Denmark’s Maersk Tankers ends Iran shipping after US reimpose sanctions

A cargo ship owned by Maersk arrives into New York harbor on April 9, 2018 in New York City. (AFP)
Updated 17 May 2018

  • Maersk Tankers would honour customer agreements entered into before May 8, but then wind them down by November 4, as required by the re-imposed US sanctions
  • The nuclear deal, reached in July 2015 between Iran and Germany, China, the US, France, Britain and Russia, called for Tehran to freeze its nuclear programme in exchange for getting some international sanctions lifted

COPENHAGEN: Danish shipping group Maersk Tankers on Thursday said it would cease its activities in Iran due to the US's decision to leave a landmark nuclear deal and reimpose sanctions against Tehran.
Maersk Tankers would honour customer agreements entered into before May 8, but then wind them down by November 4, "as required by the re-imposed US sanctions," the company told AFP.
A former subsidiary of the Danish maritime group AP Moller-Maersk, Maersk Tankers was in October 2017 sold for $1.17 billion to APMH Invest, a subsidiary of the investment A.P. Moller Holding.
The nuclear deal, reached in July 2015 between Iran and Germany, China, the US, France, Britain and Russia, called for Tehran to freeze its nuclear programme in exchange for getting some international sanctions against the Islamic Republic lifted.
Washington announced in early May that it would withdraw from the agreement and reimpose sanctions against Tehran.
Iran's oil exports amounted to one million barrels a day, mostly to Asia and some European countries, before sanctions were lifted. They have since climbed to 2.5 million barrels.


Danske Bank money laundering ‘giga scandal’ spreads to Britain

Updated 21 min 10 sec ago

  • By 2013, the number of UK-registered customers in the branch’s non-resident portfolio had topped 1,000
  • Danske Bank Chairman Ole Andersen said that the lender had made an assessment of whether it violated any US laws
LONDON/COPENHAGEN: Danske Bank’s money laundering scandal spread on Friday as Britain’s National Crime Agency (NCA) said it is investigating the use of UK-registered companies.
“This is a giga scandal,” European Union Competition Commissioner Margrethe Vestager said, joining a growing chorus of calls for a clampdown on the billions of euros which are alleged to have been “washed” through European banks.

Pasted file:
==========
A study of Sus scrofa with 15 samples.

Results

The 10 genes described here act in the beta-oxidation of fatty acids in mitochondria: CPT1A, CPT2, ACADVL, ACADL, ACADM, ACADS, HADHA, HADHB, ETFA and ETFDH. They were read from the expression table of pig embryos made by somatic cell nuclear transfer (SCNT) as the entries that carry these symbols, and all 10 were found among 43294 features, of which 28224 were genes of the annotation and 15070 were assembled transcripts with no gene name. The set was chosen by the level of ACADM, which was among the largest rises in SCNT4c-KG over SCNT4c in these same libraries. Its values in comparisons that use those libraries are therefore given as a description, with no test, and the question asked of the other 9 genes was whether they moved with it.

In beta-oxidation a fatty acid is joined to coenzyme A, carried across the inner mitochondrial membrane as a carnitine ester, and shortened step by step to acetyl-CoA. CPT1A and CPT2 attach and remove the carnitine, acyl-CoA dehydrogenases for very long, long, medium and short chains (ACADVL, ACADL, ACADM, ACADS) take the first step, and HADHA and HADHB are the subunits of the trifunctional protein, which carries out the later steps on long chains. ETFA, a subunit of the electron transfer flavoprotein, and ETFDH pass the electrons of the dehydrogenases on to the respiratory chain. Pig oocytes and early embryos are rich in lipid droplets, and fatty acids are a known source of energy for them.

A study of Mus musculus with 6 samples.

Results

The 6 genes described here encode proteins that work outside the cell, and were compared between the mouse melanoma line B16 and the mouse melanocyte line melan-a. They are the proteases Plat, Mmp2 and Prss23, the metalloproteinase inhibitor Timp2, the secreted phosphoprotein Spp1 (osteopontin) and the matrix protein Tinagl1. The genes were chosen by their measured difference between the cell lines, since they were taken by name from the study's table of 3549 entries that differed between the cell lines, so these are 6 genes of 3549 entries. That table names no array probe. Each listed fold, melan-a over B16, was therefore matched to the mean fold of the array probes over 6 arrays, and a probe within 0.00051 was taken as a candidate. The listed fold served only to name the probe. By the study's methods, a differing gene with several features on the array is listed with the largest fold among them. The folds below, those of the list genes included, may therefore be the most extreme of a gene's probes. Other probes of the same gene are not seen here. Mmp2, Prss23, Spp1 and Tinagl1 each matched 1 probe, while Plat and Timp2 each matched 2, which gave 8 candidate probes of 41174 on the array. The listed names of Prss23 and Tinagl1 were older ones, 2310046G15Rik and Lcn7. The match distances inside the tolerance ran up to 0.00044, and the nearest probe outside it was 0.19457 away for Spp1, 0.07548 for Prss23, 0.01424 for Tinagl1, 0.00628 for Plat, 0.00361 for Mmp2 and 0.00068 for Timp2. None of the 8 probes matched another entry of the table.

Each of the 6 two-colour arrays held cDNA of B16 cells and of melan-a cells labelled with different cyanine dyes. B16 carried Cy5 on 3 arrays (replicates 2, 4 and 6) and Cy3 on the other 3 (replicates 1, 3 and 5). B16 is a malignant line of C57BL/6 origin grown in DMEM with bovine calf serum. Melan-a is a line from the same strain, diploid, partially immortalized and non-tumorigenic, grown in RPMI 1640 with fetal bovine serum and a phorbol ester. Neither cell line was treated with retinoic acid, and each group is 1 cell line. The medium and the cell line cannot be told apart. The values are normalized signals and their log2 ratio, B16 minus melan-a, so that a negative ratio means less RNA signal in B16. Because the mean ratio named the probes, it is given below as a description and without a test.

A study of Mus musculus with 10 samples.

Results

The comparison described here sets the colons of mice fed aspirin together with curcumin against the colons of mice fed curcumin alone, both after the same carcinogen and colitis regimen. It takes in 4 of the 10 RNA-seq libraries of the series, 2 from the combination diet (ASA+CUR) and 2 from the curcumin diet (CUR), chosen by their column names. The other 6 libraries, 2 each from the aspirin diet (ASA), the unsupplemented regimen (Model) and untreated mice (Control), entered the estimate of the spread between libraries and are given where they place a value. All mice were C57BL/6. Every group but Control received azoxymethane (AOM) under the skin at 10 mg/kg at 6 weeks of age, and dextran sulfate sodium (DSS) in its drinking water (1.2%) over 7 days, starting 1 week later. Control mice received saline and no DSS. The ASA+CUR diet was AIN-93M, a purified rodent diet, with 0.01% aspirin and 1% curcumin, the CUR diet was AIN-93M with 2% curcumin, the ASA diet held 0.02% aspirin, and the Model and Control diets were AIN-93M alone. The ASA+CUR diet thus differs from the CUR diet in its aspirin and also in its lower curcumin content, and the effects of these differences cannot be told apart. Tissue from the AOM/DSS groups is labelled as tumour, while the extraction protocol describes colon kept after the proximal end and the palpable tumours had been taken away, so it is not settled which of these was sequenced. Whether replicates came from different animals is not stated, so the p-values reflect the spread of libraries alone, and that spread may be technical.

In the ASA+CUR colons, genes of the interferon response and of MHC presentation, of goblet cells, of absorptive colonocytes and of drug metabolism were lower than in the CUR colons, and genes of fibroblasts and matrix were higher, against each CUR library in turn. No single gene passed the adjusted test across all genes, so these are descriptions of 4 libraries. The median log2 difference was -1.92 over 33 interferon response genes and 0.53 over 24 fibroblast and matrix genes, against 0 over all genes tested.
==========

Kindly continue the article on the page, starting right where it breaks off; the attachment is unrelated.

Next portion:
An NCA spokeswoman said the British agency was working with partners across government to restrict the ability of criminals to use UK-registered companies in money laundering.
British and Russian entities dominate a list of accounts used to make €200 billion ($236 billion) in payments through Danske Bank’s branch in Estonia between 2007 and 2015, many of which the bank said this week are suspicious.
By 2013, the number of UK-registered customers in the branch’s non-resident portfolio had topped 1,000, Danske Bank’s investigation revealed, ahead of clients from Russia, the British Virgin Islands and Finland.
As the scope of the alleged money laundering through Danske Bank has widened, investor concerns over the potential penalties it could face have increased, with particular focus on what action if any US authorities might take against the bank.
So far, the US has not said whether it is investigating, although Danske Bank Chairman Ole Andersen said that the lender had made an assessment of whether it violated any US laws. He has declined to share the bank’s conclusion of this.
“We need to do more to prevent money laundering from happening,” Vestager told reporters in Copenhagen following the resignation on Wednesday of Danske Bank CEO Thomas Borgen after an investigation commissioned by the bank exposed past control and compliance failings.
Borgen, 54, was in charge of Danske Bank’s international operations including Estonia between 2009 and 2012.
He said on Wednesday that he had been “personally cleared from a legal point of view” while Danske said its board had not breached their legal obligations.
The European Commission last week recommended banking supervision changes, including bolstering national authorities, but stopped short of setting up a new financial crime agency called for by the European Central Bank.
In a sign of the growing pressure on Danske Bank, which already faces criminal inquiries in Denmark and Estonia, the chief executive of CARE Danmark said on Twitter that the Danish charity had decided to end its relationship with the lender.
International aid charity Oxfam also called on Danish municipalities to cut ties with the bank, saying it has not been able to re-establish the trust of Danish citizens.
The mayor of Aalborg, Denmark’s third largest municipality, said he would discuss its partnership with Danske Bank at the next municipality committee meeting, but noted that there were only two banks in Denmark would be able to handle a municipality its size.
“Danske Bank has been involved in money laundering which is deeply reprehensible and outrageous but Nordea has been involved in tax havens, so the entire bank sector needs to clean up for us to have a trusting collaboration with the banks,” Thomas Kastrup-Larsen said.
Danske Bank’s tiny Estonian branch accounted for as much as 10 percent of group profit during the period when suspected money laundering was conducted via its operations there.